It seems like a no-brainer: Keeping your shop clean boosts morale, impresses customers and increases productivity, among other benefits. That’s why Howard Potter, CEO of A&P Master Images (asi/702505) was initially surprised by how often clients would praise his spotless showroom and polished production area as an anomaly in the industry. “I was shocked,” Potter says. “I didn’t understand that we weren’t the norm. It’s one of those things that you don’t believe until you see it.”
Industry veteran and trainer Joyce Jagger, known as The Embroidery Coach, has seen it countless times in the decorating shops she helps. “I go into so many businesses where everything is so jumbled up,” she says. “They have no idea where anything is. It’s just a mess.” Jagger acknowledges the difficulty of sticking to a system amid the chaos that often descends onto a busy shop, but she maintains that organization is key to a successful business: “Your place needs to be neat and clean at all times. Sometimes that’s hard when you have a [decoration] business, but it’s totally necessary.”
Potter actually hired a part-time employee, who works 25 hours a week, to keep his shop clean. When A&P was a smaller operation, he would designate a couple of hours for employees to clean up their individual work spaces, and used a professional cleaning company three times a week to do the rest of the cleaning; but as the shop grew, a different solution was needed. “Our staff tries to keep things neat and in order, but they don’t have the extra time to scrub things down and dust,” he adds. Their productivity enabled him to create the new part-time position.
Some decorators will claim that they’re too busy for cleaning, and that it’s too expensive to pay someone else to do it. However, Potter counters that it’s time and money you’d be spending one way or another. “It’s an investment into your business,” he says. “They’re not looking at the full picture.”
A dirty shop could lead to spoiled merchandise, and neglecting your equipment and building upkeep is a recipe for costly repairs down the line. Potter says he prefers to spend money up front to keep the shop clean, rather than “get blindsided” by a ruined shirt order or broken part. With embroidery machines, presses and other decoration equipment such a big investment, why wouldn’t you be willing to spend some time and money maintaining them? “That’s like buying a nice car and not getting the oil changed on time,” Potter says.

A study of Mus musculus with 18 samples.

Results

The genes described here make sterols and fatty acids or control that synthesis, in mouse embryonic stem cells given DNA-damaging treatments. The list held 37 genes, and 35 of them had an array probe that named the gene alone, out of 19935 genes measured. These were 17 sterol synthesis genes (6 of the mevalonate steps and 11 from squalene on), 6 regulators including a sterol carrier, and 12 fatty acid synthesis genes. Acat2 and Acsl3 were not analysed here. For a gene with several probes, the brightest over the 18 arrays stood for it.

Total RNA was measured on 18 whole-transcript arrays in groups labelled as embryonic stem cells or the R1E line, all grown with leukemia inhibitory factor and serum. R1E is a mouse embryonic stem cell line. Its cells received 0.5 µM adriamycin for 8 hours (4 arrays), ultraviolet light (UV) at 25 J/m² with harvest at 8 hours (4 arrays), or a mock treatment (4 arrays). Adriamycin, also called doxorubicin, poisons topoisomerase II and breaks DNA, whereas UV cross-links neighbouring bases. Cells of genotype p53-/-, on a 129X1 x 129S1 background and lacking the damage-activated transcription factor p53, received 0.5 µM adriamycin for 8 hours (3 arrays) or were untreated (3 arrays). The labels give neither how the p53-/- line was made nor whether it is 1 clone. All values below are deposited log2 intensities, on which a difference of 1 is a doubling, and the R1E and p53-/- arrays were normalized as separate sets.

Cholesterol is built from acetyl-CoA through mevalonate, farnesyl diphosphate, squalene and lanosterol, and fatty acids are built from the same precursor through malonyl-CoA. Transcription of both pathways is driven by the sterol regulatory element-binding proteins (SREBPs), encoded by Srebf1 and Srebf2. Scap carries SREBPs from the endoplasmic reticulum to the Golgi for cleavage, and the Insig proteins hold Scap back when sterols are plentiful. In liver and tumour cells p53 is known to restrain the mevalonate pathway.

Ellen Delap, a Texas-based professional organizer, says being messy comes at a cost for businesses. “Clutter is time-consuming,” she says. She argues that when an employee’s task is disrupted searching for a particular tool, it’s as if the company had to buy it all over again in terms of lost productivity.
Another issue to consider is safety. Boxes and other clutter are tripping hazards. Sharp tools not stowed properly are another potential danger. “How many people throw scissors or knives on tables, then throw apparel on top, when it would have been just as easy to put them back in their cup?” asks Potter, who used to work in an industrial setting pouring metal and doesn’t take OSHA regulations lightly. “People think that there’s not a lot of safety to worry about [in the decoration business] … but there’s a multitude of ways people can get hurt.”
Of course, one of the biggest reasons to keep a neat and organized shop has to do with presenting a professional and competent image to your clientele. Potter remembers being praised by a customer once because the apparel he’d ordered didn’t reek of cigarette smoke, a problem the client had with his previous decorator. Being clean “speaks volumes about who you are as a business,” Potter says. “It’s appealing to customers. They know that the apparel they receive will be clean and folded neatly. If they want to take it out and wear it right away, they’re not scared they’re going to catch something from it.”